Sunday, November 25, 2007

all of my children wanted to fly


Garth in the slanted rain

says arms bend at the rainbow.

3 years growing: his own spectrum.

Take off my feet, he yells.

Bird need wings.

Take out the stars. Give me some.

In the wet grass

he marks constellations:

maple leaf, mushroom, twig.

Footprint, he says: Rain

walk here. Where rain home?

Questions easy as water

& already I can’t answer

We fast forward a few years here. This one was also a Christian Science Monitor poem (and bought the kid in question some new sneakers). Entering fully into the world of my children was always a great delight and a great challenge. This past Thanksgiving, which we spent at this son's house overlooking the mountains and the river valley, I reflected a lot on my blessing in having my three, each one a challenge and a delight in his or her own way.



The simplest of nouns

feed you now, a world

of yellow sun & blue sky.

You are my primary


I carry you, find you

to balance at

one bucket of seed, gold

wheat bag, an armload of fire

wood in wet weather

Under the plum trees

you will learn walking

& the snails bring their houses

for visits, & the sparrows all be

royalty, with bright crowns

We will have waltzes in the garden

& the river bring red sand

& blue feathers: soft feet

the wind will teach you polkas

while you sleep.

yes, another one. This one came out in George Hitchcock's kayak. The last line in the first stanza originally read primary/easy rainbow and I think I like the rhythm of that better, but George liked color best and for once--usually I fiercely resisted and resist editorial advice--I agreed. I go back and forth. I was so struck, with my first child, by those soft, soft feet that had never touched ground.



Overnight the leaves have turned.

Yellow birds, brown, the thrush, the gold

crowned sparrows, chipping sparrows, wren

have gathered in their light & flown.

Being part bird you hold them

still in your dancer’s hands, light

boned with the star’s geometry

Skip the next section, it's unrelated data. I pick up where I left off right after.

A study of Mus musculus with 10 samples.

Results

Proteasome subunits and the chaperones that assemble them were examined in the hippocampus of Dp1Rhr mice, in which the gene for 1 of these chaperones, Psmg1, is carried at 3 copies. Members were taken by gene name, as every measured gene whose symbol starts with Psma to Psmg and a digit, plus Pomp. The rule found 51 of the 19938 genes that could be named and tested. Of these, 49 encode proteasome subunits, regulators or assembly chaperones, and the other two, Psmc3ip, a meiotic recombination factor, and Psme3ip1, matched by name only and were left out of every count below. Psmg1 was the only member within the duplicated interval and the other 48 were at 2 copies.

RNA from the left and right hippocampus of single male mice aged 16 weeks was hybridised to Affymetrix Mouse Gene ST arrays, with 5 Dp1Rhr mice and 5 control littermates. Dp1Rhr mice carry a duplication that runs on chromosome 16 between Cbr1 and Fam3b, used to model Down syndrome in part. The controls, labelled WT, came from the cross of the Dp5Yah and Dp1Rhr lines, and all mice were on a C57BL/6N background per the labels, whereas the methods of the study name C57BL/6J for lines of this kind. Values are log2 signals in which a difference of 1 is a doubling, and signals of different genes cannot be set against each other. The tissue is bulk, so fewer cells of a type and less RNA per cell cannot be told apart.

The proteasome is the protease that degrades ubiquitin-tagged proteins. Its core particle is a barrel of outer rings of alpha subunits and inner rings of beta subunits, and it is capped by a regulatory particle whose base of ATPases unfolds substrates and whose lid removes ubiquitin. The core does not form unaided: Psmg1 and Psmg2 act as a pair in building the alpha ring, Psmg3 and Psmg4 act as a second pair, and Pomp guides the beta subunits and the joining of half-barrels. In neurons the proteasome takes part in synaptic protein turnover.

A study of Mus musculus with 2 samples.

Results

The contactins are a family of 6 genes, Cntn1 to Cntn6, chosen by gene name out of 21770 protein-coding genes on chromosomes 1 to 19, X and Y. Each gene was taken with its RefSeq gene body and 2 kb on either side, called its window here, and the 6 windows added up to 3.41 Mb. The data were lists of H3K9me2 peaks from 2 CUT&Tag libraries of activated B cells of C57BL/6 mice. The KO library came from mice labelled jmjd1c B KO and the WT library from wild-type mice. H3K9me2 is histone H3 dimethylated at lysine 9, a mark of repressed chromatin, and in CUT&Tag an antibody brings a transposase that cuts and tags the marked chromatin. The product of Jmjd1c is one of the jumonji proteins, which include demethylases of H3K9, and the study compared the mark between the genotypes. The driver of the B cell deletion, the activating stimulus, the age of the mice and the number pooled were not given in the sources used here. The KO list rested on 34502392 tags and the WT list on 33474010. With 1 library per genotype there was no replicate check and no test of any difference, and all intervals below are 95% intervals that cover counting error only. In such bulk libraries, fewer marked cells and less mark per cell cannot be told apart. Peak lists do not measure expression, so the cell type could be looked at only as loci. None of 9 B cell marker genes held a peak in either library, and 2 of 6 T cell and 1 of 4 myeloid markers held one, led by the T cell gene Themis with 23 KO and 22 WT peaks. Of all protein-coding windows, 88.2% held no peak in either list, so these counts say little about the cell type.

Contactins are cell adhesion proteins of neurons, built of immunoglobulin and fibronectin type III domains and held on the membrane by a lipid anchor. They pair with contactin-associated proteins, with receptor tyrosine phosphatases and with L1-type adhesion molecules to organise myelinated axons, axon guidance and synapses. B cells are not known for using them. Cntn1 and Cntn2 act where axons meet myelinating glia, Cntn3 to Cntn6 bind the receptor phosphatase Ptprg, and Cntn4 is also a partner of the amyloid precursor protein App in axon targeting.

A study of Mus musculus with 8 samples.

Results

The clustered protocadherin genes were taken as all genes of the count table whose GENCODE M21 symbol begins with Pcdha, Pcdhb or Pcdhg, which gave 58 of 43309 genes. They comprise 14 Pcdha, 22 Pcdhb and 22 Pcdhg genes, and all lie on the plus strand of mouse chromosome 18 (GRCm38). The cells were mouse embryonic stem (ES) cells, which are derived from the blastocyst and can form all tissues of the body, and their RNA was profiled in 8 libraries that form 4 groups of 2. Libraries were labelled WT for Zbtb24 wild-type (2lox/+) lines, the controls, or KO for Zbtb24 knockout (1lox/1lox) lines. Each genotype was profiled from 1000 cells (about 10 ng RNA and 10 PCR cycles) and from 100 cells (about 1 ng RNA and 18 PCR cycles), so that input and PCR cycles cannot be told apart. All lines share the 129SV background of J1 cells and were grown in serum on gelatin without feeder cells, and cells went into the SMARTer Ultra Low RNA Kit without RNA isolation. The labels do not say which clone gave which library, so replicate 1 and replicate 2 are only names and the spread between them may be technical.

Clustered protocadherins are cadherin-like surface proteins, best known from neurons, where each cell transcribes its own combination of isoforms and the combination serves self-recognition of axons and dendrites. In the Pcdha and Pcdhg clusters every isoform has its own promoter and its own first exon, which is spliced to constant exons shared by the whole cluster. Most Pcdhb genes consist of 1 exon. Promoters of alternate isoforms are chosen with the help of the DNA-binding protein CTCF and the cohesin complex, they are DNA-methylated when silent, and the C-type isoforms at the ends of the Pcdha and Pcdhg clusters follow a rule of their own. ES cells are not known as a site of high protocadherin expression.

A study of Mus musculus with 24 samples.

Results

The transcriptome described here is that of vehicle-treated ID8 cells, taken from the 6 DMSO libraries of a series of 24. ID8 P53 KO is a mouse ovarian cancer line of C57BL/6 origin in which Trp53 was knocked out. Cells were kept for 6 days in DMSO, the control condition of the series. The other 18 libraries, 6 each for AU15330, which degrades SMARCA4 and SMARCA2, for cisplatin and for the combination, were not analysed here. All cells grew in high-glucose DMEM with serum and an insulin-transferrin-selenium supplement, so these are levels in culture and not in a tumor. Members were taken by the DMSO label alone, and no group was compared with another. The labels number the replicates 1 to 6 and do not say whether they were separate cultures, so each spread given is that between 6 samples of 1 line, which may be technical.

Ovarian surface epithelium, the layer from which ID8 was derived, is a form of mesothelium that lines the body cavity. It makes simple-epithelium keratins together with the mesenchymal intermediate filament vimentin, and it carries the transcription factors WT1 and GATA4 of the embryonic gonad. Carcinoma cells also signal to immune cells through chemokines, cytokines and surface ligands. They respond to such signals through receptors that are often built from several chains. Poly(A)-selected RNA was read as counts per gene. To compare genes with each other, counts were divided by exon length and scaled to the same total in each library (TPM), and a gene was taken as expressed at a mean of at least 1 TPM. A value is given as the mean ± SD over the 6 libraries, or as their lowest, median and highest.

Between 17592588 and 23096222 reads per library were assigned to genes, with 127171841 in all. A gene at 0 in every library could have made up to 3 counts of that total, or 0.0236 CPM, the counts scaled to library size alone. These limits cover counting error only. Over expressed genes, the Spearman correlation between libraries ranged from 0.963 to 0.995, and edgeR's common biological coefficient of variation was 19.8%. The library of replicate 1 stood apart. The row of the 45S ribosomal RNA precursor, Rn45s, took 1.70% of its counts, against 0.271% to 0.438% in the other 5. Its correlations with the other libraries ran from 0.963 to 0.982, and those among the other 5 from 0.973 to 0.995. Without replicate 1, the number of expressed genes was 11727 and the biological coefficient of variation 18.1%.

& all the fine wind come resting

after long labor, all

bright sky in this foxed autumn

leaf fire, storm candle

my loud October sun.

It's a poem that is...30 years old now, as is my firstborn. It was published in...let me think..yes, it was the Christian Science Monitor that for a while supplied little checks that went towards baby necessities and cut flowers in return for poems like this one. My baby poems are not my best; it is hard to pull out of sentimentality when the adored infant is drooling on you, and in this particular one I'm not sure about that last pun. But the poems I wrote the autumn and winter of my first child's birth felt like triumphs. So many stupid people said to me "how nice that you will have a baby to take care of--then you won't need to write". Since pregnancy was not a good time for poetry--my listening mind went inward too far with each of my pregnancies, and while I could write fiction and newspaper columns, poetry seemed impossible--I was terrified that they might be right, that I might perhaps have to trade the gift of my child for the gift of the muse, or vice versa. Any poem that came to me in that time was gratefully and humbly received.



There is a silence now, beyond the fields

behind the boundary of firs

where the river shudders & smoothes

passed over by herons, troubled by fish

I thought I called your name

with each hard breath

I thought your steps, though you stumbled

would bring you home at last

The woods fill with shadows.

In town I can’t see the stars.

Is there something here still

something forgotten

what bright thing guides us

here where the world keeps ending

Got a report back from the recent WS Merwin (and Robert Haas) reading down south a bit; seems Merwin was asked to limit his reading to poems about land and such. I ask you. My informant said he seemed annoyed, but read with full intensity, particularly the latest poems. I am envious; would have loved to have been there.

Tuesday, November 06, 2007


In the woods the summer birds

learn to fly, testing the air

& careful through sun & leaf the quick

fawn steps & stands

lured by roses & ripened plums

What we desire we cannot have

I know this; all my life

comes to this still moment. Between rocks

water wells up: call it spring

or miracle you say

smiling into the sun

on this hilltop where the hawks cry out

& the children paint

with stems of dried grass & wildflowers

making hearts & their names

on white cloth

your darkhaired daughter laughing

All my life the summer birds

have put on feathers & flown away

If I were

to touch your wet skin

to drink your clear water

dear my life, what could my hands

hold to

an old, old poem. It was printed in Prairie Schooner--oh, it must be more than 10 years ago now. Sometimes the road not taken does haunt one. The person this was written for will be in town this weekend with one of the children of his latest marriage. Wistfulness arises.